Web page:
Review: limited evidence exists on the effect of psychological coping styles on cancer survival or recurrence
QUESTION: In patients with cancer, do psychological coping styles such as fighting spirit, helplessness/hopelessness, denial, and avoidance improve survival or prevent recurrence?
Studies up to June 2002 were identified by searching Medline, PsycINFO, ASSIA, EMBASE/Excerpta Medica, Cancerlit, CINAHL, and Dissertation Abstracts. Bibliographies of relevant articles were reviewed, and experts were contacted for unpublished information.
Studies published in any language were selected if they were cohort studies, patients had cancer, and outcomes included mortality, survival, or recurrence. Exclusion criteria included studies of the association between coping and immune responses or other biochemical markers (if this was the only outcome reported) and studies of personality types (eg, “type C” personality).
Data were extracted on sample size, styles of coping, site of cancer, duration of follow up, study quality (adjustment for potential confounding factors, use of an inception cohort, and assessment of coping early in the disease process), and outcomes.
37 studies met the selection criteria. 26 studies assessed the association between psychological coping and survival from cancer, and 11 studies assessed the association between psychological coping and recurrence of cancer. Follow up periods varied from several months to 15 years. Types of cancers included breast cancer (most common diagnosis), leukaemia, melanoma, and lung and gastrointestinal cancers. Psychological coping styles assessed included fighting spirit, denial, avoidance, helplessness/hopelessness, stoic acceptance and fatalism, anxious and depressive coping, problem focused coping, and emotional focused coping. The results are summarised in the table.
In patients with cancer, evidence on the association between psychological coping styles (eg, fighting spirit, helplessness/hopelessness, denial, and avoidance) and survival from or recurrence of cancer is inconclusive.
- Denise Bryant-Lukosius, RN, MScN
- Assistant Professor McMaster University Advanced Practice Nurse Hamilton Regional Cancer Centre Hamilton, Ontario, Canada
Patients with cancer are often encouraged by family members and healthcare providers to “think positively” or use optimistic coping strategies to augment the effectiveness of treatment. The study by Petticrew et al provides an important summary of the available evidence regarding the effect of psychological coping on cancer survival and recurrence.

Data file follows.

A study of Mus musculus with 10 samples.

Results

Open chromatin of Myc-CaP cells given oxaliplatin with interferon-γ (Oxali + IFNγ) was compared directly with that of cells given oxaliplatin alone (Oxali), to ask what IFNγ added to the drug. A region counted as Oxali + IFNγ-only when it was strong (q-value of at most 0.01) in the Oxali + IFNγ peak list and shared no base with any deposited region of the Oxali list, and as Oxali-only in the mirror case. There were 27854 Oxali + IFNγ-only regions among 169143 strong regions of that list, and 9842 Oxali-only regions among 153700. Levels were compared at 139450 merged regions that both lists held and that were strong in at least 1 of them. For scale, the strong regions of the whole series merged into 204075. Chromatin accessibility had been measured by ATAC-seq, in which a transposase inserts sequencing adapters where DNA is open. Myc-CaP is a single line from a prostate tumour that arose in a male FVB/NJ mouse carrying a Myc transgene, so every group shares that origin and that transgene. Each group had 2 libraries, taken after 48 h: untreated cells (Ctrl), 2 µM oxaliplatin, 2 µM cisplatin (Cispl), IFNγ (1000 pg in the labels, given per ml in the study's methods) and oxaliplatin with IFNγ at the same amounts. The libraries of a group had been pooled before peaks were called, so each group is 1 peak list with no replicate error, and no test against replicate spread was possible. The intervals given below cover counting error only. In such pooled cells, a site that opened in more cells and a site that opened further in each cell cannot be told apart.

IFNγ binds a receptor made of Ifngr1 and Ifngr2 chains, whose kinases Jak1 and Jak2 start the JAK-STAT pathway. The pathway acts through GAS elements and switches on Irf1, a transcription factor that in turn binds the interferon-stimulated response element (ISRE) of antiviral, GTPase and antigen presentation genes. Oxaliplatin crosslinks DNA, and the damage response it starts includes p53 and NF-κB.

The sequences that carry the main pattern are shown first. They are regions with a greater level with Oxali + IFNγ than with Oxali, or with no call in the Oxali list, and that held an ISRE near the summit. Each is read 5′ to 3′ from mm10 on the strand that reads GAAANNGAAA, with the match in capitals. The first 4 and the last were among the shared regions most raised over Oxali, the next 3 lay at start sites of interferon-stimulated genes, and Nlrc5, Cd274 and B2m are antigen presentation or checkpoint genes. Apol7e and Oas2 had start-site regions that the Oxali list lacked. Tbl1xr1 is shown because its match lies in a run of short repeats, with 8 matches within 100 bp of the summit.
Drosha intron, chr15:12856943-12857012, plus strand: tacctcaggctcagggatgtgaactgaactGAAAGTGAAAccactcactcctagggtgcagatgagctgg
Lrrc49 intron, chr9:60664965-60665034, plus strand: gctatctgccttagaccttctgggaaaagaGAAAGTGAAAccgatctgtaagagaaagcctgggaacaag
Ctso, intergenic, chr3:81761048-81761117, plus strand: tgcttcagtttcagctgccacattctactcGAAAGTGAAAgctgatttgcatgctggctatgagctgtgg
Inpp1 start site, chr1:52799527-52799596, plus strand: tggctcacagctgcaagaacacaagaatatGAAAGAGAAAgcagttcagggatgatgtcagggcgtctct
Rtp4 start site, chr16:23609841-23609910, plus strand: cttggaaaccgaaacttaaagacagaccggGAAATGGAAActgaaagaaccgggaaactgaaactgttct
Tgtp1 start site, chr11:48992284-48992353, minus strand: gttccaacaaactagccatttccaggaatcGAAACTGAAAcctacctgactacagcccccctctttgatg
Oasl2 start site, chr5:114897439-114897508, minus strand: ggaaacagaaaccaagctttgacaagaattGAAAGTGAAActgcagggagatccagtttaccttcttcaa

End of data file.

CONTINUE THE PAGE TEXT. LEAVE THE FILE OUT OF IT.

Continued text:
Strengths of this study include the comprehensive search of data sources, relevant criteria for inclusion and exclusion of studies, and data extraction methods. However, the use of terms in the psychological literature can be inconsistent. Providing a clear definition of psychological coping and reporting the key terms used in the search strategy would increase reader confidence that all relevant studies had been identified. Studies were also analysed according to types of coping styles. How studies were categorised is unclear, which limits the reader’s ability to validate the interpretation of individual study results.
However, it is unlikely that these methodological issues substantially influenced the inconclusive study results. An important message from this review is the need for better research involving methodologically rigorous studies with large sample sizes, greater consistency in the use of methods to evaluate coping styles, and longer follow up. The review also focused on studies that evaluated coping near the time of diagnosis. The inconsistent results may reflect the tendency for people to use a variety of coping strategies that vary with time and perceptions of stressful events.1
The results of this study are relevant to oncology and palliative care nurses. Patients with cancer should not be pressured to adopt a particular coping style or use specific coping strategies in an effort to improve their chances for survival or prevent a recurrence of their cancer. Nurses can also help relieve patients from the burden or responsibility they may feel to “cope better” in order to improve treatment outcomes.
Source of funding: The Scottish Executive Department of Health.
For correspondence:Dr M Petticrew, MRC Social and Public Health Sciences Unit, Glasgow, UK.